Increased Long-Term Cardiovascular Morbidity Among Patients Treated With Radioactive Iodine for Hyperthyroidism

Saara Metso; Anssi Auvinen; Jorma Salmi; Heini Huhtala; Pia Jaatinen


Clin Endocrinol. 2008;68(3):450-457. 

In This Article

Summary and Introduction

Objective: Previous studies suggest that hyperthyroid patients remain at increased risk of cardiovascular morbidity after restoring euthyroidism. The aim of this study was to compare the rate and causes of hospitalization of hyperthyroid patients treated with radioactive iodine (RAI) with those of an age- and gender-matched reference population in a long-term follow-up study.
Patients and Measurements: A population-based cohort study with a median follow-up time of 9 years was conducted among 2611 hyperthyroid patients treated with RAI between 1969 and 2002 in Tampere University Hospital, and among 2611 reference subjects. Information on hospitalizations was obtained from the nationwide Hospital Discharge Registry. New events were analysed as the main outcome, including only the first hospitalization due to a given indication.
Results: The rate of hospitalization due to cardiovascular disease (CVD) was higher among patients with hyperthyroidism than among the control population [637·1 vs. 476·4 per 10 000 person-years, rate ratio (RR) 1·12, 95% confidence interval (CI) 1·03–1·21]. The risk remained elevated up to 35 years after the RAI treatment. Hospitalizations due to atrial fibrillation (RR 1·35), cerebrovascular disease (RR 1·31), diseases of other arteries and veins (RR 1·22), hypertension (RR 1·20) and heart failure (RR 1·48) were more frequent in the patients than controls, while no such difference was found for coronary artery disease. Hospitalizations due to cancer, infectious and gastrointestinal diseases, and fractures were also more common in patients than in controls.
Conclusions: Hyperthyroidism increases hospitalizations due to CVDs. The excess risk is sustained decades after treatment. Patients treated for hyperthyroidism constitute a high-risk group for CVD and may benefit from preventive interventions.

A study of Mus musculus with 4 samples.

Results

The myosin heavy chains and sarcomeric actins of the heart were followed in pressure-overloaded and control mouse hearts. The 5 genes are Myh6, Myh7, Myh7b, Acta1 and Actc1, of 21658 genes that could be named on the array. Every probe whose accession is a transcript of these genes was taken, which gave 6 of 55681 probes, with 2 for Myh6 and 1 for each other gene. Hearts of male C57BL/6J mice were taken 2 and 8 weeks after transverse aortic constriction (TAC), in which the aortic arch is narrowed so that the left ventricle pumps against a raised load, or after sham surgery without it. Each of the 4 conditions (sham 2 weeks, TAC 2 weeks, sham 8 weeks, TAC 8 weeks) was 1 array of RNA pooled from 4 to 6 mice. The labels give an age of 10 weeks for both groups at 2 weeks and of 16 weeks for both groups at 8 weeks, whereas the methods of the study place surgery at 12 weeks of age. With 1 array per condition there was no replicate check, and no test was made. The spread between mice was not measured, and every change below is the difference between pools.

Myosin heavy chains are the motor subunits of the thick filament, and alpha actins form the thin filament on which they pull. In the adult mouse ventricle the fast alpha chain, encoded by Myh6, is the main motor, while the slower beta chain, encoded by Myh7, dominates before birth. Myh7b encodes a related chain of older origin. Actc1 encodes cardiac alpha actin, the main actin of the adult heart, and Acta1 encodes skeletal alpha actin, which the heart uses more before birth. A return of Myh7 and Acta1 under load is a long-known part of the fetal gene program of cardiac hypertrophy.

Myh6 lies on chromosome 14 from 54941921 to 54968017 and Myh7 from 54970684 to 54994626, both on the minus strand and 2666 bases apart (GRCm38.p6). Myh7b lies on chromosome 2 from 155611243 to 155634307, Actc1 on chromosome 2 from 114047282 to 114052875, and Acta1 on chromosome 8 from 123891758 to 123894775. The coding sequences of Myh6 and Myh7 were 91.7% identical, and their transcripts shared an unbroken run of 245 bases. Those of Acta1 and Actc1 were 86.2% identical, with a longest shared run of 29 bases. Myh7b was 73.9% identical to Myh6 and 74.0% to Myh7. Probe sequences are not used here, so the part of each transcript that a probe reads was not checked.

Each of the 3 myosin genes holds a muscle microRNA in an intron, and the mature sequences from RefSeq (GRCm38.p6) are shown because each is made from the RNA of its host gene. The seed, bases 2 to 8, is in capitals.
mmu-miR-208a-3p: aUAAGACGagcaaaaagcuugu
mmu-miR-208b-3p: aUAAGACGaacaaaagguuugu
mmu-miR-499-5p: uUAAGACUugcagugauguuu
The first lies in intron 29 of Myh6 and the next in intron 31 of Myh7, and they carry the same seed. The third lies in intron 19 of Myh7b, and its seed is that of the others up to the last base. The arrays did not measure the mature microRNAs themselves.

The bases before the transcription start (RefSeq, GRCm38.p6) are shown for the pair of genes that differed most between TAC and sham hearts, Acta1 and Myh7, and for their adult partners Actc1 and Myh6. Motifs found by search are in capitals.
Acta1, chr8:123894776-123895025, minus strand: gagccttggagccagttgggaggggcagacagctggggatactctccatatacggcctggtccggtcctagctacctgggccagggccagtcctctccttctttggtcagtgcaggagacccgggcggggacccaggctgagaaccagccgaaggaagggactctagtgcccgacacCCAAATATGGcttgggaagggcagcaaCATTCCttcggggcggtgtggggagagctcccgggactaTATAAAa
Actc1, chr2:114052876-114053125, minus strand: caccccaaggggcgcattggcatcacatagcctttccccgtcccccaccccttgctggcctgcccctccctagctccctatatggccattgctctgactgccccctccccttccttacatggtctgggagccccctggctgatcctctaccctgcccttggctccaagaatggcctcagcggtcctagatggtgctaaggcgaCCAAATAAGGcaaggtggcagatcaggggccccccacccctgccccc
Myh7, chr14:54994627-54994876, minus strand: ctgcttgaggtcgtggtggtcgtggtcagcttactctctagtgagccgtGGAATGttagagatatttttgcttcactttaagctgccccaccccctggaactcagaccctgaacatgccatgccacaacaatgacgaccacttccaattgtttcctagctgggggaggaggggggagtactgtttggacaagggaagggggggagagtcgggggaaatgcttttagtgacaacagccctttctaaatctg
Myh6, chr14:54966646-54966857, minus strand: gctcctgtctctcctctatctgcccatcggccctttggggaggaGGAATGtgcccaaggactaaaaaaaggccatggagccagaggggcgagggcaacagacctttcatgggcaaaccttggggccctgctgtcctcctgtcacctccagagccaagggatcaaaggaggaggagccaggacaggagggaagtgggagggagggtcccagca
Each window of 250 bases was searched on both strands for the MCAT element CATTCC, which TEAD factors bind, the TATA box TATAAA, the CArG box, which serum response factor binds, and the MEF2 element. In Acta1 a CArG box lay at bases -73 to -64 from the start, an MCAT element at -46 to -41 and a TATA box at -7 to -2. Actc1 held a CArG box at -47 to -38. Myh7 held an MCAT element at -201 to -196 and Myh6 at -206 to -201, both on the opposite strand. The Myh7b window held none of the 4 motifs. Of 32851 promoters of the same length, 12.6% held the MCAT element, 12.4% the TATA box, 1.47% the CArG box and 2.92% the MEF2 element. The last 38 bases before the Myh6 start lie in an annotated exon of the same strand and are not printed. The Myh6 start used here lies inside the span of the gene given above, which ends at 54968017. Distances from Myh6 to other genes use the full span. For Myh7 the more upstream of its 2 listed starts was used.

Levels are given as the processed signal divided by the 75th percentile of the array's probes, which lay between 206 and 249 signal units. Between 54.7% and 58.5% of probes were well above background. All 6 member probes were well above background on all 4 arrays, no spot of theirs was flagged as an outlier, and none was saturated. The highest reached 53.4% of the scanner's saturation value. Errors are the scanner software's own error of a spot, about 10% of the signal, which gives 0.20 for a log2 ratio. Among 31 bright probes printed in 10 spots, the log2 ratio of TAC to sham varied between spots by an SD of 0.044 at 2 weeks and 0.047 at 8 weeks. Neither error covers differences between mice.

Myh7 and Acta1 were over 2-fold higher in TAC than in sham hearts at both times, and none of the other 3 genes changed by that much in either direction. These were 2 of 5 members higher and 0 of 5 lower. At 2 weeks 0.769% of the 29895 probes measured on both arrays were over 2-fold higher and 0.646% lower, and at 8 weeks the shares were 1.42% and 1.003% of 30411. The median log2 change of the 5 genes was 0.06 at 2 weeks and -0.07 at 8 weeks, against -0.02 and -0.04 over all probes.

Radioactive iodine (131I, RAI) has been commonly used as a first-line therapy for hyperthyroidism since the 1940s.[1] Hyperthyroidism has been regarded as a reversible disorder without long-term consequences, when treated effectively. However, long-term follow-up studies have revealed an increased cardiovascular mortality in those with a past history of hyperthyroidism treated with RAI compared with the background population.[2–6] In our recent report,[6] cerebrovascular diseases accounted for most of the increased cardiovascular mortality, consistent with a previous long-term follow-up study.[4] Instead of RAI treatment, hyperthyroidism per se probably accounts for the elevated cardiovascular mortality. Hyperthyroidism is known to exert direct effects on the myocardium and the autonomic nervous system, thus predisposing the patient to cardiovascular morbidity.[7,8] Recently, Flynn et al.[9] reported an increased risk of arrhythmia up to 5 years after treatment of hyperthyroidism, suggesting that the cardiotoxic effects of hyperthyroidism are not fully reversed by restoring euthyroidism. Cardiovascular morbidity also increased in RAI-treated hyperthyroid patients compared with controls in a previous long-term follow-up study.[10]

Hypothyroidism has been suggested to increase the risk of death by causing hypercholesterolaemia, diastolic hypertension and left ventricular dysfunction.[11] However, levothyroxine-treated hypothyroidism after RAI treatment has seemed to protect against death instead of predisposing to it.[5,6] This might reflect the impact of an effective cure of hyperthyroidism. An initial hypothyroid state induced by effective treatment has been reported to be a predictor of successful reversion to sinus rhythm in those with atrial fibrillation (AF) during hyperthyroidism.[12]

To date, no long-term studies have been published on the incidence of different cardiovascular diseases (CVDs) or hospitalizations after RAI treatment for hyperthyroidism. The purpose of the present study was to assess the rate and causes of hospitalization after RAI treatment for hyperthyroidism, especially focusing on CVD. We also compared hospitalization due to CVD between subgroups of patients by the aetiology of hyperthyroidism, age, dose of RAI, recurrent hyperthyroidism, and the development of hypothyroidism.